Due to the COVID-19 pandemic, many students in the US and around the world have not been able to take their standardized tests for undergrad admissions. Therefore, many US colleges and universities have adjusted their standardized test requirements by becoming test optional for those applying for a spot in the class of 2025. Since it is unclear whether schools will be test optional in years after the 2020-2021 application season, this blog will focus on those applying for a spot in the class of 2025. But there looms a question: Should you submit your standardized test score or withhold it?
Step 1: Examine Your Current Academic History
Secondary schools vary widely based on the courses they offer and the grading scale used to evaluate students. An ‘A’ at one school can be much harder to attain than an ‘A’ at another school. Therefore, many colleges and universities use non-SAT/ACT standardized tests to evaluate the academic rigor of your transcript. Some of these tests include AP and IB exams as well as SAT II Subject Tests. If you got a ‘B’ in a class but a ‘5’ on the corresponding AP exam, then admissions officers will know that the class was most likely quite rigorous and prepared you well. However, if you got an ‘A’ in a class but a ‘3’ on the AP exam, then eyebrows will be raised as the academic rigor of your classes will be scrutinized.
If you have strong standardized test scores that attest to the rigor of your transcript, then you may not need to submit an SAT/ACT score. However, if your standardized test results look like you randomly bashed numbers on the keyboard, then it is imperative to submit a strong SAT/ACT score to make a case that you will be academically admissible to the schools you are looking at.
Step 2: Evaluate Your Test Score and Look at Your Schools’ Deadlines
Let’s say your standardized test score was not what you had hoped for. If you are applying Early Decision to a school, then it would be too late to retake the SAT/ACT. However, if you have school deadlines in January and beyond, then you may have time to squeeze in a standardized test date in November or December. Keep in mind that this test date WILL be your last opportunity to attain the score you are hoping for (unless you decide to take a gap year).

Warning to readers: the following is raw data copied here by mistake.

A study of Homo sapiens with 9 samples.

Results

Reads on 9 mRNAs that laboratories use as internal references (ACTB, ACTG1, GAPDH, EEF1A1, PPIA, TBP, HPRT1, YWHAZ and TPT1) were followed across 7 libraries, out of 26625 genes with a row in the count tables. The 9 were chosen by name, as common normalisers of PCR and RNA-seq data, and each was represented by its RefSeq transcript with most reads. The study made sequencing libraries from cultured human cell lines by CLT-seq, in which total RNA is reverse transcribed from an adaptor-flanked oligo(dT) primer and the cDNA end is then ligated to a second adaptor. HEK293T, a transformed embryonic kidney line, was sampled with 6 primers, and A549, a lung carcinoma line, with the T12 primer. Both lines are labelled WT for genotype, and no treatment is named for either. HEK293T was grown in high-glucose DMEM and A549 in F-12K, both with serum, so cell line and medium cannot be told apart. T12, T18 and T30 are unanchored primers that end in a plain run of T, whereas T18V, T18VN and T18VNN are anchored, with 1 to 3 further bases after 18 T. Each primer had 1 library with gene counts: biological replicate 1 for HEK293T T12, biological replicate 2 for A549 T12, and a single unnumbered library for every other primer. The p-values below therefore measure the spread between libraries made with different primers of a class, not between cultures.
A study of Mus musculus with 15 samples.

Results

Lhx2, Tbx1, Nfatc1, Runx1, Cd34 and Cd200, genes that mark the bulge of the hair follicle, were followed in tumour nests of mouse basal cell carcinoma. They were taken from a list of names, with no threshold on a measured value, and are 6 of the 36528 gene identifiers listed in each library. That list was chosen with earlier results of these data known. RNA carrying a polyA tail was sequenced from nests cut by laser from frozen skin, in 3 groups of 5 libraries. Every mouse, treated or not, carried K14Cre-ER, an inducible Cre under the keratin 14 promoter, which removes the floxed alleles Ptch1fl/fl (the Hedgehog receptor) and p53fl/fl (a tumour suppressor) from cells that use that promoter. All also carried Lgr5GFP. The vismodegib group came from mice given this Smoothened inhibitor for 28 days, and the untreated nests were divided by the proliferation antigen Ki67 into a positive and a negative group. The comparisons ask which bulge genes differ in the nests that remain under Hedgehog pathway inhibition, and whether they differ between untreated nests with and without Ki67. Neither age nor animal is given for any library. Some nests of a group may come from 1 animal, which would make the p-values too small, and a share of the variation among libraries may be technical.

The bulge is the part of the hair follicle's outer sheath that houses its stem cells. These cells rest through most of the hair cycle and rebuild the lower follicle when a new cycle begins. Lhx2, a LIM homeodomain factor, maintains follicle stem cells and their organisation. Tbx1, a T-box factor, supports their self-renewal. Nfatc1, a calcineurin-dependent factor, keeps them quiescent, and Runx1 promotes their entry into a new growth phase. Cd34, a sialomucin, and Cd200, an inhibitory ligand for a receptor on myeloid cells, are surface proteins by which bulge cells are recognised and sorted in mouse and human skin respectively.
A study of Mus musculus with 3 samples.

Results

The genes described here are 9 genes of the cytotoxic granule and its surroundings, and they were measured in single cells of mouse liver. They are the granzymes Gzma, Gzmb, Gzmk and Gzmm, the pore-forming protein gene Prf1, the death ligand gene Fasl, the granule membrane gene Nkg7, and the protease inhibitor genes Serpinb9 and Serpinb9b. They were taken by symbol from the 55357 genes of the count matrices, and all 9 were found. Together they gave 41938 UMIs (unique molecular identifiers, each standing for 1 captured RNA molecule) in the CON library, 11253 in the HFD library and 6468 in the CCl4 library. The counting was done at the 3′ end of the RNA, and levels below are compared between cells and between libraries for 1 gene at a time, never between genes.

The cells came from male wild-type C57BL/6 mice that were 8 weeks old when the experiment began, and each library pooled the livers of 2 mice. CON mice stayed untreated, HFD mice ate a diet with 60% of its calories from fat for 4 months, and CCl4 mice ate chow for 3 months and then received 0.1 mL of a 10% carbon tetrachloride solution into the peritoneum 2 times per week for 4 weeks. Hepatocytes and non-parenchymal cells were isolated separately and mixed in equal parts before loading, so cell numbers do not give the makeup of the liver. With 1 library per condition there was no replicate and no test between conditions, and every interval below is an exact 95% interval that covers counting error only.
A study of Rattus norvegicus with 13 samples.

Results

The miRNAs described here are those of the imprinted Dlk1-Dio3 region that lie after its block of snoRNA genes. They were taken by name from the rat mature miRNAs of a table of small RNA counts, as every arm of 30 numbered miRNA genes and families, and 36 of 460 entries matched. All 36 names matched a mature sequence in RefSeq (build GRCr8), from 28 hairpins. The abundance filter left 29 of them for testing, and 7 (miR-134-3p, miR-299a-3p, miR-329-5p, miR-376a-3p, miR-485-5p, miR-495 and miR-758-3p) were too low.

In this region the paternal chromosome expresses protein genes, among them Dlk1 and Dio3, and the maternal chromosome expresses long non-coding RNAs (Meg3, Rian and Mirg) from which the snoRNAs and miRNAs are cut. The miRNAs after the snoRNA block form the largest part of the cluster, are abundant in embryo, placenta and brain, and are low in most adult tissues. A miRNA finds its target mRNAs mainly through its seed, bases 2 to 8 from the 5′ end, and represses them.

Step 3: Check Out Your Schools’ Middle 50% Standardized Test Scores
A trap that many people fall into is that they would Google search the average standardized test scores for a school and use that as their benchmark. Don’t do this! For example, if you search up Emory University’s average ACT scores on Google, you will see that the middle 50% range is 31-34. However, if you look on their admissions page, you will see that the middle 50% range for the class of 2024 is 32-35. Always look at a school’s admissions page for information rather than using Google or a site such as Niche.
If your test score falls on the lower end of your schools’ middle 50% range, then it would be advisable to withhold your score. Schools’ admitted statistics generally increase with each year and if they are test optional this year, then there won’t be many people who will submit a test score that is below the middle 50% range. Thus, the middle 50% range will most likely increase (and in some cases, increase dramatically) for most schools this upcoming application season.
To Sum it All Up
The decision on whether to send your test scores or not depends on the schools you are aiming for and your academic profile. If you already have strong results in other areas, then not sending in an SAT/ACT score should be fine. However, middling scores on non-SAT/ACT exams would warrant a strong SAT/ACT score to make up for a questionable academic profile.
Step 5: What’s Next?
Now, you know what to do with your SAT/ACT score. But what exactly is a “strong” academic profile? And is your overall profile in shape for the schools of your choice?
With experience in getting into some of the world’s most prestigious universities, consultants at Prep Zone have the answers to these questions. Schedule a free consultation at firstname.lastname@example.org or call +65 6812 9999.